Classical Connections: Poles apart

Karol Szymanowski.
Karol Szymanowski.

I suppose when most people think of Polish classical music, they think of Chopin or polonaises.  The polonaise of course is a dance – one of the country’s five national dances, though it’s actually the French word for “Polish”.

Apart from Chopin, you might be hard-pressed to think of any other nineteenth century Polish composers.  Henryk Wieniawski springs to mind, because he wrote many works for violin and his Second Violin Concerto remains popular.  Then there was Moszkowski, who was a big name in the late nineteenth century, best known for his piano music.  We mustn’t forget Paderewski either, who was a world-class pianist in his time and had the distinction of being Poland’s Prime Minister for just ten months.  He achieved sufficient musical fame to have a star on the Hollywood Walk of Fame in Los Angeles.

But this brings us well into the twentieth century, when Poland produced a crop of composers who have achieved international recognition.  In 1992, a recording of the Symphony of Sorrowful Songs by Henryk Górecki (goo-RETS-kee) topped the classical charts in Britain and the United States selling more than a million copies.

The most influential twentieth century Polish composers include Karol Szymanowski, Leopold Godowsky, Andrzej Panufnik, Witold Lutosławski and Krzysztof Penderecki.  The last name (pronounced, usually with difficulty as KZHISH-toff pen-der-ETS-kee) may be more familiar because his highly personal and sometimes downright scary music was used in several movies, notably The Exorcist (1973) and The Shining (1980).  One of his most influential works is the musically-challenging Threnody for the Victims of Hiroshima, which was used in the movie Children of Men (2006).

The two works this week are in total contrast, the first stylistically rooted in the closing years of the nineteenth century, the second firmly in the twentieth.  They’re as different as chalk and słupski chlopczyk.
Karol Szymanowski (1882–1937): Etude in B flat minor Op. 4, No. 3. Moniuszko School of Music Symphony Orchestra, cond. Andrzej Kucybała (Duration 06:12, Video 720p HD)

Etudes, the French name for studies, were usually written for piano and emerged during the early nineteenth century as the instrument was growing popularity.  They were originally short exercises intended to develop a particular instrumental technique.  Most pianists have been obliged to struggle through the studies of Clementi and Czerny but two composers, Chopin in Poland and Liszt in Hungary raised the étude to a high art form.  Szymanowski (shih-ma-NOFF-skee) composed his four études for piano between 1900 and 1902 when he was still influenced by German romantic music of the late nineteenth century.

He wrote a staggering quantity of music including several concertos and four symphonies.  After hearing the third symphony, his younger compatriot, the composer Witold Lutosławski remarked that he felt “quite dizzy for a number of weeks”.  The third étude is slow and lyrical and has become the most popular of the set.  It was performed by leading pianists of the time and brought the composer considerable fame, especially after it was orchestrated by the Polish composer and conductor Grzegorz Fitelberg.  The piece has rich confident harmonies and a lovely nostalgic melody which draws the music to a dramatic climax (at 03:50) before the tension begins to subside towards its reflective conclusion.  You’ll probably notice some quite dissonant harmonies towards the end; a hint perhaps of Szymanowski’s more mature musical style.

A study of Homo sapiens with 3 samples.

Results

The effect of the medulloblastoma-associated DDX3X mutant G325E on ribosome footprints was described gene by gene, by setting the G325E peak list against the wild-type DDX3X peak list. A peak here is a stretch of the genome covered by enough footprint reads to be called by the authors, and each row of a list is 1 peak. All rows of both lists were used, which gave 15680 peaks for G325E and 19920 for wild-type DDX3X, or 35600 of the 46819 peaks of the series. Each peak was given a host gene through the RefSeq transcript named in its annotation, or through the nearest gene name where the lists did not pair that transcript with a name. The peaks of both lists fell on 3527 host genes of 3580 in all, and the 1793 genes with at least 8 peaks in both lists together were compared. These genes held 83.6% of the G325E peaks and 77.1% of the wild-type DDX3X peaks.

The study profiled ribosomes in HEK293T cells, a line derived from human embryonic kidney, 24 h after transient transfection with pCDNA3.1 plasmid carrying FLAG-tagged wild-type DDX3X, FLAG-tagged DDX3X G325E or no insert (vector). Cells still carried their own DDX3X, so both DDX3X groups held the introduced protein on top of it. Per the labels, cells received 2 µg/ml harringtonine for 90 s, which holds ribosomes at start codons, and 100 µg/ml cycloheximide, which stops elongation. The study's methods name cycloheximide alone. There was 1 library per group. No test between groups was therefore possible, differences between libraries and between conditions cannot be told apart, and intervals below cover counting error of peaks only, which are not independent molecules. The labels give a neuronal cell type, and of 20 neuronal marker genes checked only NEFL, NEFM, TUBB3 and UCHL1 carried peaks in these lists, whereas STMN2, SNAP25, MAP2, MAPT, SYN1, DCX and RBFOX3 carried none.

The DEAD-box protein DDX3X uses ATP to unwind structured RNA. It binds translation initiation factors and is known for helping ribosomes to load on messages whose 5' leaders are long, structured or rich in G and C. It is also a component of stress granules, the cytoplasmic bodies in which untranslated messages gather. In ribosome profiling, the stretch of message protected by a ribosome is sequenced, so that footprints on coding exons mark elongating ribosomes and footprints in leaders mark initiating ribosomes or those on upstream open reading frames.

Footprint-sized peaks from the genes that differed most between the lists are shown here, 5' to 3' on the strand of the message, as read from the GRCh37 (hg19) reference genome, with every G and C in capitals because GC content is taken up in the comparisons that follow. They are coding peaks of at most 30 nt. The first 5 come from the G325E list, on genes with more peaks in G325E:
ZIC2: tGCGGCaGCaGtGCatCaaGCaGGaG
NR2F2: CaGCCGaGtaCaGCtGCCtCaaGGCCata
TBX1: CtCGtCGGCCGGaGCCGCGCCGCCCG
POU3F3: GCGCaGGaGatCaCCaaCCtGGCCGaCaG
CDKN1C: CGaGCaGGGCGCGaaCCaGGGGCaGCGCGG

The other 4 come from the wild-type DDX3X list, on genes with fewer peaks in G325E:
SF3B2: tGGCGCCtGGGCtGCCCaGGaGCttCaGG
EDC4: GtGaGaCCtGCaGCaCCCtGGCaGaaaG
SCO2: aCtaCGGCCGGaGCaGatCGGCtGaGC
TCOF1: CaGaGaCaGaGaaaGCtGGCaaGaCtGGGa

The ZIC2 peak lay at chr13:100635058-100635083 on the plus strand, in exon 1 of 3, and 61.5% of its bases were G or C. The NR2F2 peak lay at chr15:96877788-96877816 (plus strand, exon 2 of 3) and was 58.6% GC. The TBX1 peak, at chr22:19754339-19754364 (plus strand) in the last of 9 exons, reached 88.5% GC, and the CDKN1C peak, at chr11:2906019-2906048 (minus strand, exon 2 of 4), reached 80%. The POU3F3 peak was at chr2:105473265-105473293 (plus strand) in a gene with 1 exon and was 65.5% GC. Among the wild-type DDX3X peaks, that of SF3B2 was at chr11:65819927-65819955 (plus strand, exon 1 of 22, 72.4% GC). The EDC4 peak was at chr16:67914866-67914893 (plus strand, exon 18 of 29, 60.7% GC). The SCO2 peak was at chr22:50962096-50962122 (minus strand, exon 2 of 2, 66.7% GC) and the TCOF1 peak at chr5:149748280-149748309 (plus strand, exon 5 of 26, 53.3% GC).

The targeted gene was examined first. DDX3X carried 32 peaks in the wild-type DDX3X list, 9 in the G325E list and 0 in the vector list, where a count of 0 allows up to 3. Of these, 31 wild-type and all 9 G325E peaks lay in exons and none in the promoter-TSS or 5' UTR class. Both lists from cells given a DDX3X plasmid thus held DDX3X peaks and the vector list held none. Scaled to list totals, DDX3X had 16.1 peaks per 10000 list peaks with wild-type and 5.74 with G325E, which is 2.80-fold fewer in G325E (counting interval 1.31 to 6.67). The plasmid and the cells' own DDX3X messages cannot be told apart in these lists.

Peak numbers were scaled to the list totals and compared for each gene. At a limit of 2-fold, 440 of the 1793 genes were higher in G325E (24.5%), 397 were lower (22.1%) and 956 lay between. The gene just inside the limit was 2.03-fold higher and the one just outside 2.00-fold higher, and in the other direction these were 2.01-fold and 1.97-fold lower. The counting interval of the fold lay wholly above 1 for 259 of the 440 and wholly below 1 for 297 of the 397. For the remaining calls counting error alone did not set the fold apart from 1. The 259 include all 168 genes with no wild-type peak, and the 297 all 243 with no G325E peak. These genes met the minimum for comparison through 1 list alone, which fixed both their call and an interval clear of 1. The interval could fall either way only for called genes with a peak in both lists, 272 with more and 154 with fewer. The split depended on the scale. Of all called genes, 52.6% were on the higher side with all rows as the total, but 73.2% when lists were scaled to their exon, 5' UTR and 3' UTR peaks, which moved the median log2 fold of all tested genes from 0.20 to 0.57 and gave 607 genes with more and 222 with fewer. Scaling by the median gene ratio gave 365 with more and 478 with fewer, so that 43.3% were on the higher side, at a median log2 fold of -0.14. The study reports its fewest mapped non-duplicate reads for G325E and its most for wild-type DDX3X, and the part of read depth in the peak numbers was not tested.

Witold Lutosławski (1913-1994): Concerto for Orchestra. Frankfurt Radio Symphony Orchestra cond. Edward Gardner (Duration: 30:45, Video 1080p HD)

Witold Lutosławski (VEE-tolt loo-to-SWAHF-skee) is considered one of the great voices of Polish twentieth century music, although he was relatively unknown outside the country until the 1960s.  His early work shows the influence of Polish folk music although his first symphony was banned during the Stalinist era on the grounds that it was too “formalist”.  This was a favourite term by the censorship authorities of the day and referred to the half-baked political notion that music should be simple and accessible to the masses.

Lutosławski used an approachable, more tonal style for his popular Concerto for Orchestra which dates from the early fifties. The work opens with a distinct reminder of Brahms’ First Symphony and there’s plenty of percussive pounding and dissonance, but also moments of opulent harmony with tantalising fragments of folk-song.  It’s brilliantly scored for a huge orchestra with a large percussion section as well as a celesta, a piano and three harps. By the end of the 1950s the state loosened its grip on artistic creativity and Lutosławski was free to explore more challenging approaches to composition.

Towards the end of his life, he was awarded the Order of the White Eagle, Poland’s highest honour.  And in case you’re still wondering, slupski chłopczyk is a kind of Polish cheese.  I didn’t make that up.  Honestly.